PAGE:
Embedded Systems

Self-Configuring Digital Signal Conditioner Technology Easily Adapts to Customer Measuring Conditions

February 16, 2017 By: Will Meenan, Kaman Aerospace Corp.


Embedded Bits, Bytes & Sensors by Will Meenan


More and more industries and manufacturers are requiring sensors for condition monitoring in their machines or processes. New digital signal conditioner technology is now available that simplifies the use of eddy current (inductive) displacement sensors for high precision/high reliability applications.

The technology is the best option for monitoring movement, position, vibration, alignment, or deflection, especially where parts operate in high temperatures or within environmental contaminants. Unlike previous versions that required circuit modifications and manual calibration to match the required target, sensor, cable length, and range, the new digital signal conditioners configure themselves in a matter of minutes. In addition, the technology works with a wide variety of sensors.

High Performance Sensing Options Needed For Condition Monitoring

Many sensor options are available for machine condition monitoring, including inductive technology, linear variable differential transformers (LVDTs), laser triangulation, capacitive, and ultrasonic systems, as well air gauging, Hall effect, and optical systems. Each technology has distinct advantages and disadvantages, depending on the application.

Eddy current sensors are generally much more insensitive to environmental contaminants than other options. They operate on the principle of impedance variation caused by eddy currents induced in a conductive target by a sensor coil. The sensor coil is excited by a high frequency oscillator, which generates an electromagnetic field that couples with the target. Signal conditioning electronics sense impedance variation as the gap between sensor and target changes and translates it into a usable displacement signal. This technology provides extremely high (sub-micro inch) resolution.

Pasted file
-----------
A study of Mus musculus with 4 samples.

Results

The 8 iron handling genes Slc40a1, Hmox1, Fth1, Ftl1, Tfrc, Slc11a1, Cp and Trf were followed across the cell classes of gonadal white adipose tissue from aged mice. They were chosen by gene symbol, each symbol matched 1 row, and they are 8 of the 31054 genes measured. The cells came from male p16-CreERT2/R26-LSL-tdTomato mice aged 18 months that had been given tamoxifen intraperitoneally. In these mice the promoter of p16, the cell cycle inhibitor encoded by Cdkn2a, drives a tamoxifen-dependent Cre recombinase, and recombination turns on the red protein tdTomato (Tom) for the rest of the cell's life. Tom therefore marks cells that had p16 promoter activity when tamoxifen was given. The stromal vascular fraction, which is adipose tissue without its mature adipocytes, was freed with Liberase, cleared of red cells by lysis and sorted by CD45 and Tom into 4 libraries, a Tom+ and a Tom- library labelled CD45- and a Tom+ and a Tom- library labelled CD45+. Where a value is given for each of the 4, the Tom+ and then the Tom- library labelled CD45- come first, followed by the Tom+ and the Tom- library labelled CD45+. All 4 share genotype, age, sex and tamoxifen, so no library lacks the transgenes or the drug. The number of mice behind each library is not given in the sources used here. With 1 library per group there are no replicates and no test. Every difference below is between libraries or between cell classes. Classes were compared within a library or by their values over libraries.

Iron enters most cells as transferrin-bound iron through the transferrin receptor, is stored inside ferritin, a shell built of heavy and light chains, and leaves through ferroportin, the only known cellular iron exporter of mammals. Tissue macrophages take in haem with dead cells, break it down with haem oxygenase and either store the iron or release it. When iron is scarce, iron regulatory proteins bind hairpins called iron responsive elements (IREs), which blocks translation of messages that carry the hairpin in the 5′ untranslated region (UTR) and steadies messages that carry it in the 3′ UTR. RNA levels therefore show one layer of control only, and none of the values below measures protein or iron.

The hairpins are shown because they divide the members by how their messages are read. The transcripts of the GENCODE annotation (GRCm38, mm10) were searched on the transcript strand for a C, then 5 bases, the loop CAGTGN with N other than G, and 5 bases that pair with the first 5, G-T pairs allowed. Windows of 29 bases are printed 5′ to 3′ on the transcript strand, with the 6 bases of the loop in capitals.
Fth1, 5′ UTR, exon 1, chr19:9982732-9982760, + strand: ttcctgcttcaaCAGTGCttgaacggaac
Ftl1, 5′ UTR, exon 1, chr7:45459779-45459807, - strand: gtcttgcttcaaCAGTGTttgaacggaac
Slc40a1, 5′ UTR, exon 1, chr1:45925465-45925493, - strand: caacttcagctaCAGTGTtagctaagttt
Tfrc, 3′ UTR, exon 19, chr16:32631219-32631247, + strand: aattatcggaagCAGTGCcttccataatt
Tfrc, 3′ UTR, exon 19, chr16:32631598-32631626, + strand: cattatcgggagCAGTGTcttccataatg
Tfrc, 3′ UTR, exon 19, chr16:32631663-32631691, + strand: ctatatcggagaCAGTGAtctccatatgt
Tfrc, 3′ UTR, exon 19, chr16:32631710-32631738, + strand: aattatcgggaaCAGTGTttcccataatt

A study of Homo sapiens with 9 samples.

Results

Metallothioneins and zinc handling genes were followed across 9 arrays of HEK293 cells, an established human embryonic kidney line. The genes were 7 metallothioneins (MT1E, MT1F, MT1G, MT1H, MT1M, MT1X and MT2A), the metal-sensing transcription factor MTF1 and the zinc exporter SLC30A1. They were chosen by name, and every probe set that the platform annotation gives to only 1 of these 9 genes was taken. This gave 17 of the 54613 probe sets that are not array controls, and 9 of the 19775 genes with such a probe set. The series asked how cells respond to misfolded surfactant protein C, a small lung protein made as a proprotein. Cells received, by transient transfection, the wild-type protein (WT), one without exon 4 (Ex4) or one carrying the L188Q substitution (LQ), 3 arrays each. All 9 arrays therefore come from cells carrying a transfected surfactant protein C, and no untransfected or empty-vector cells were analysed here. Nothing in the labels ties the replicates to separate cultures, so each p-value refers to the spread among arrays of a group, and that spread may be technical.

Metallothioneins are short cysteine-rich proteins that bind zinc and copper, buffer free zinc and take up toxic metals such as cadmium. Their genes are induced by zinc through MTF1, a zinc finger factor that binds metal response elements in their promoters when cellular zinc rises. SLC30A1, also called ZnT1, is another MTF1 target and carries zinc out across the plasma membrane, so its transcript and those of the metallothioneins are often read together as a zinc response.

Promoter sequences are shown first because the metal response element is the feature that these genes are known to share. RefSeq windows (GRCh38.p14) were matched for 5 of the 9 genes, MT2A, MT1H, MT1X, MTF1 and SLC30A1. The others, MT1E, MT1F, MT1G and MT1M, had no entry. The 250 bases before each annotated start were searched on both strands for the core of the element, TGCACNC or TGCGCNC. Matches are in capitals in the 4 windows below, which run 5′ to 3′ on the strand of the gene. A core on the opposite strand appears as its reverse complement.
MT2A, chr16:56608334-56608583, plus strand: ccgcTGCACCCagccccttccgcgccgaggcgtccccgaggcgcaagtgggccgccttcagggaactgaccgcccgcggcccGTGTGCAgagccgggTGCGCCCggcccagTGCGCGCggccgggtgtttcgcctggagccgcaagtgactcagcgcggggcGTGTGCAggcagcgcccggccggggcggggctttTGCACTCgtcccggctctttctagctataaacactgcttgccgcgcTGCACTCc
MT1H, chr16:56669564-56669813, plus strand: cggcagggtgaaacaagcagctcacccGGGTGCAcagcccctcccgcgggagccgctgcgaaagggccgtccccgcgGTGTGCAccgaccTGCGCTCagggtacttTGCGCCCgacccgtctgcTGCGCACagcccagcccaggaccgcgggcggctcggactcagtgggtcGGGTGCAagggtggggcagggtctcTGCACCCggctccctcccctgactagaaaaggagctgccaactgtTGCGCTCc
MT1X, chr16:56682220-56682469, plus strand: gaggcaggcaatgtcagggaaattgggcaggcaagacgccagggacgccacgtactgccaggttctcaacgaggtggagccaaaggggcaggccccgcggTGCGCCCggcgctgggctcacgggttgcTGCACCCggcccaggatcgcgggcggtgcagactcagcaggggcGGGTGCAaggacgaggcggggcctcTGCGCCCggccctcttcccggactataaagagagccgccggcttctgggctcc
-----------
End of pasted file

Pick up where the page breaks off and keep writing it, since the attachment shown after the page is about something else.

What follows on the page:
Eddy current sensors can "see through" non-conductive materials, making these sensors useful in such applications as paint, rubber, and paper thickness. They can also be a good option for operation over a wide variety of temperatures and environments, including dust, oil, gas, diesel fuel, liquid oxygen, and rocket fuel.

Inductive technology is used for many higher performance sensor applications, especially those needing higher frequency responses in challenging environments and temperatures. They allow operators to monitor a machine and determine when it has to be taken offline for maintenance.

Conversely, the sensor may indicate that the machine is running well, so maintenance is not yet required. If, for example, the machine in question is a critical pump operating in an inaccessible location, precise information on machine condition can be critical to a company's bottom line.

High precision inductive sensors can also be used to monitor or control the quality of a process. The sensors provide a real time control signal to the machine or a display to the operators so they can adjust machine performance.